Anyone who lived here in the early 1990s might remember a family consisting of a father, two sons and a menagerie of animals including a very sociable and talkative mynah bird named Tweezer Beezer.

Tweezer, as he was known to his friends, lived with Balazs Szabo and his sons Dominik and Sandor, a dog named Kapii and a cat named Dieselle. Rescued as a newly hatched chick after a hurricane in his native Hawaii where the Szabo family lived, Tweezer became a family pet and ultimately made the move to Wilton with them in 1990 and then to North Carolina in 1993. He survived being lost, being stepped on and having his leg broken, but ultimately succumbed in 1997. His family believed he was poisoned by pesticides applied to a neighbor’s lawn.

Tweezer’s life and how he affected the family have been captured in a book by Mr. Szabo aptly named Tweezer Beezer.

Tweezer “became part of my children’s childhood,” Mr. Szabo told The Bulletin this week. “He lived with us for nine years. “I had the idea after Tweezer died. He was so unique and so human.

“Once I sat down it flowed right out of me,” and despite the fact Tweezer died in the end, Mr. Szabo said the book “doesn’t end in total sadness.”

The book “has a teaching morality for children in school,” he said. “Tweezer was a victim” of the pesticide, “but many birds and creatures probably died that day” from the poison. The book makes the point, he said, that everyone must take care of the environment and all creatures who live in it.

Tweezer lived an eventful life, from an encounter with mongooses in Hawaii — from which he was saved by the family cat — to almost drowning in the family pool in Wilton. Through it all, Tweezer talked up a storm.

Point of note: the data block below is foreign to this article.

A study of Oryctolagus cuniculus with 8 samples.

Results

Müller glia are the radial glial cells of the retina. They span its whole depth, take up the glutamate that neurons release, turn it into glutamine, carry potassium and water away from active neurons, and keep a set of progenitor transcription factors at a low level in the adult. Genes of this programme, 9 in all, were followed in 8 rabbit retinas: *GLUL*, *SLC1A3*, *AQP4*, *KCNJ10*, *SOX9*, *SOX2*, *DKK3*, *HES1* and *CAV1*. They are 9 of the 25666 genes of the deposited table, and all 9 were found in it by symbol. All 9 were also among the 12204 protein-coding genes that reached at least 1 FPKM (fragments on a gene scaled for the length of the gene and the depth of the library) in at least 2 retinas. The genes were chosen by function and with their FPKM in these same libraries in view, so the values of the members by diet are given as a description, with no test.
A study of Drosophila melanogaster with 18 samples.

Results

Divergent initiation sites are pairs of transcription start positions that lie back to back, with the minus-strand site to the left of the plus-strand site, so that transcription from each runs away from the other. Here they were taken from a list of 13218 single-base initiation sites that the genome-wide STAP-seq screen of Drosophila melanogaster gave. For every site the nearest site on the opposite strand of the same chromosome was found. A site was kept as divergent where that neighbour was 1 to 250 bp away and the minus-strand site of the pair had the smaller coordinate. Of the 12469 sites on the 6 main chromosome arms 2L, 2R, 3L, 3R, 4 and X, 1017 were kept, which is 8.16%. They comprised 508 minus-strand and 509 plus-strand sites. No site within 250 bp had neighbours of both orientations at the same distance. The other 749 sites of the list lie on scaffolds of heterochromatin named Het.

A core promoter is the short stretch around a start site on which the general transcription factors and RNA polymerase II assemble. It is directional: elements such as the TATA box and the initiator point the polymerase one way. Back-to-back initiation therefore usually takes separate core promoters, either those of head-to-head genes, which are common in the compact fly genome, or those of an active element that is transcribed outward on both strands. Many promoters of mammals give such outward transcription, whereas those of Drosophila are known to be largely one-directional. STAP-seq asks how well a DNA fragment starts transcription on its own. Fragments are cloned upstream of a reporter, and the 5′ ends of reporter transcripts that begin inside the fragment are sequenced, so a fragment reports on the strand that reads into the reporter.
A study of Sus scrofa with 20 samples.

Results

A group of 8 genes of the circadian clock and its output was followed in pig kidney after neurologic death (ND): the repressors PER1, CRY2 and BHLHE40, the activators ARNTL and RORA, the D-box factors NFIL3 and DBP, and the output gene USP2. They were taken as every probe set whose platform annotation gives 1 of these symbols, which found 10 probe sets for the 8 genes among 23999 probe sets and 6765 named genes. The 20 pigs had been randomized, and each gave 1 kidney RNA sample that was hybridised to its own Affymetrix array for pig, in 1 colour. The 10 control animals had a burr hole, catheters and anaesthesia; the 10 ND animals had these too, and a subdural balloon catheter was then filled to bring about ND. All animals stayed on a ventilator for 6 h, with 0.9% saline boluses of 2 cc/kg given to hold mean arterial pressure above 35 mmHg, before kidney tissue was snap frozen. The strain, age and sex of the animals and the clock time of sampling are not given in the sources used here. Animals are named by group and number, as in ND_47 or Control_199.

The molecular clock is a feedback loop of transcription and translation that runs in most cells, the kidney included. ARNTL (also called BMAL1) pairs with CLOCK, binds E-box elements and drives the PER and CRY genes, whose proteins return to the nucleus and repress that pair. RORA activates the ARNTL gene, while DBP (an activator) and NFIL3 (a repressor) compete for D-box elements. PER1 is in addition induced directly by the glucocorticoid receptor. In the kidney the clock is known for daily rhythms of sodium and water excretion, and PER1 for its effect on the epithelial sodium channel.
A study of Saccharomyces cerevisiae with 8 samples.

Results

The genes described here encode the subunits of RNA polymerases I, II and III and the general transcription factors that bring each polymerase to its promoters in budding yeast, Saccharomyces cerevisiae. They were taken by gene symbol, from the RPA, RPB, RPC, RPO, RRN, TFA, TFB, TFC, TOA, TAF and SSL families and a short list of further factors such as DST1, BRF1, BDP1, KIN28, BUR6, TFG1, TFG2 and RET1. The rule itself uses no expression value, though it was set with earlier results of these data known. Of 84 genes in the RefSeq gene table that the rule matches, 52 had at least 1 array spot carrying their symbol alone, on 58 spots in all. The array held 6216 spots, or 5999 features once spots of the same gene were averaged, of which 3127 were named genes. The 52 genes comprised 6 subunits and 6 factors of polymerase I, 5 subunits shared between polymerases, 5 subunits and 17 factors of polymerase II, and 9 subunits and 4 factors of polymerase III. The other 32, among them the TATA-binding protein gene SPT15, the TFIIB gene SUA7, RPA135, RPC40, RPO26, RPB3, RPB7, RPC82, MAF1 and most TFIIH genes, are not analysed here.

It was here the tame bird, who never lived in the wild, was left outside by accident one afternoon when the family went to the movies and became lost in the night. People reported on seeing a “strange bird” in the Bird Notes column in The Bulletin as Tweezer flew from neighborhood to neighborhood and eventually town to town, sometimes stopping in — literally — people’s homes. He was finally found, beaten up by a storm, by a man in Milford, miles away.

The family was happily reunited.

The book is filled with family photos and drawings, not only of Tweezer — including an X-ray of his broken leg — but of Dominik and Sandor, who were just school boys at the time, various family pets and even the park Mr. Szabo built at the end of their street, Marvin Ridge.

The boys are now grown men, 31 and 28, said Mr. Szabo, a painter, sculptor and writer of serious books, but the story of Tweezer still tugged at him. “I had to get Tweezer out of my heart,” Mr. Szabo said. “He made a big impression.”

The book may be purchased, and the first three chapters may be read for free, at http://balazsart.wix.com/tweezerbeezer. Mr. Szabo said a YouTube video of a bird who speaks “just like Tweezer” may be found by searching “amazing talking mynah: conversation 1.”

“You can see the versatility of these birds,” Mr. Szabo said. “He brings my book to life.”